We all have our ways of winding down and at the moment, rapper Lady Leshurr's is to look for houses.
"I listen to jazz music in the background, put my little lights and candles on, that kind of gives me my little zen space," she says.
The Birmingham-born artist has used lockdown to focus on her work-life balance and mental health.
"I feel like a lot of people did need lockdown, just to be able to slow down," the rapper says.
"Some people are working so hard and burning themselves out and then still continuing.
"That happened to me a couple of times. For me, it's because I don't want to miss out on opportunities, but I learned that I need to make sure I'm good mentally."
Leshurr (real name Melesha O'Garro) talked about life feeling like a running machine at the gym with no button to get off.
"I've literally been like that for the majority of my career," she said.
The 32-year-old grew up listening to the likes of Eminem and Sister Nancy. Later she honed her skills at a local youth club in Solihull, before making waves on the UK grime scene.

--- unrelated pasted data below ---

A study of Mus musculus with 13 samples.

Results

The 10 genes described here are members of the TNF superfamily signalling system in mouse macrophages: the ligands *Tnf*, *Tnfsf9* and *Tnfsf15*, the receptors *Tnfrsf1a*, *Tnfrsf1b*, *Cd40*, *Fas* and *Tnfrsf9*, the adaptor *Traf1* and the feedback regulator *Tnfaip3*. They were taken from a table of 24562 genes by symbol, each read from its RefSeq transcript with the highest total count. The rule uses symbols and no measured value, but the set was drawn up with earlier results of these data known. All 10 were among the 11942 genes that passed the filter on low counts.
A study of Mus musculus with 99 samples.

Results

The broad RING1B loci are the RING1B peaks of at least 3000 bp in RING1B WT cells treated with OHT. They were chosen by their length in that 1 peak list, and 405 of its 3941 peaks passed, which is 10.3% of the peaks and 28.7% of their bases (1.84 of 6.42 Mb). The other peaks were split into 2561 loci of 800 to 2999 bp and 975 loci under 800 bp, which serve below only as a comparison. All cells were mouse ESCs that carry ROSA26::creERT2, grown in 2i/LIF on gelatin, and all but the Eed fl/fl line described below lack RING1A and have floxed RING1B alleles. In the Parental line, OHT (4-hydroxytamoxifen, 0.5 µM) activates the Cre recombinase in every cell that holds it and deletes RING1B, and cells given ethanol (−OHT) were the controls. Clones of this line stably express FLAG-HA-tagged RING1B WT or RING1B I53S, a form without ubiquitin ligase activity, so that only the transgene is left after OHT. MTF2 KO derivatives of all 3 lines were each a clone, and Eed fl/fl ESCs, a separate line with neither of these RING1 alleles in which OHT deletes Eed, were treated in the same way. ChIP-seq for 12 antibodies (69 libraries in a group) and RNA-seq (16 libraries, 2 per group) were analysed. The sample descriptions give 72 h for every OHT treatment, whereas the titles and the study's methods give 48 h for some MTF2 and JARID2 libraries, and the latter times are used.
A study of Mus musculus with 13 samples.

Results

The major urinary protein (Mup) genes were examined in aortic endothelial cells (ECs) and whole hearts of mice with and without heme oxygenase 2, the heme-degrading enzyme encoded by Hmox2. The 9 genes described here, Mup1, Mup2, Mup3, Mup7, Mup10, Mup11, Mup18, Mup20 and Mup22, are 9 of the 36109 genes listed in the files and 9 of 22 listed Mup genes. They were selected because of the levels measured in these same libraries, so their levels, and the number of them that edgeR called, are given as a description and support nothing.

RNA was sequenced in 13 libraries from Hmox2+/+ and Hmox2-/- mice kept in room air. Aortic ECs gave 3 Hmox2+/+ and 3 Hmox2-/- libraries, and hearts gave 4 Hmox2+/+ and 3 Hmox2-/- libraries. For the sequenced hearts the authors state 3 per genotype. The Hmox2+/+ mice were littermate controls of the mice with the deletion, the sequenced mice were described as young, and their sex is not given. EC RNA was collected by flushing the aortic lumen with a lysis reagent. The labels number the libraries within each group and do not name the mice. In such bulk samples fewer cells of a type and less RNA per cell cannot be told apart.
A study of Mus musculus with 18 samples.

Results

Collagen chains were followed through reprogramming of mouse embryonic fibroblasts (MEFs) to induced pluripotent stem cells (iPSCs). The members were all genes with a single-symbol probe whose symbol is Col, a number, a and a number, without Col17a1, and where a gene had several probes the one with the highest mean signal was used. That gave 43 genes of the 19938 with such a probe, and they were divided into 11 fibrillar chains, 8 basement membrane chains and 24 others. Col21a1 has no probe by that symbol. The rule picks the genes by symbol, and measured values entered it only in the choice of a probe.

Her career rocketed when, in 2015, she launched Queen's Speech, videos featuring her witty freestyle raps with references to Tetley's tea, Postman Pat and beans on toast.
The fourth episode racked up more than 60 million views and she recalls: "It just kind of took off. I realised, not only do I need to be myself a bit more, but the world needs more laughter and happiness."
She said at the time it seemed like a "culture shift" - using grime in a more light-hearted way. Since then, she said she had not "looked back".
The rapper performed at Glastonbury, the Proms and branched out into other areas, reaching the semi-finals of Dancing On Ice earlier this year and winning Channel 4's The Celebrity Circle.
But she said being in her 30s and facing tough challenges in recent years, including the loss of her big sister to breast cancer in 2019, was making her look at her own wellbeing.
"Because I'm getting older as well now, I used to be so active, but now I'm kind of comfortable with how my career is, and I want to think about other things - like get a mortgage, get a house, more stuff like that," Leshurr said.
"I need to set up for my future, whereas before I was just on the running machine.
"It comes with growth and maturity, just learning a bit more about yourself and having the space to find a new you, who you are inside, and taking care of yourself."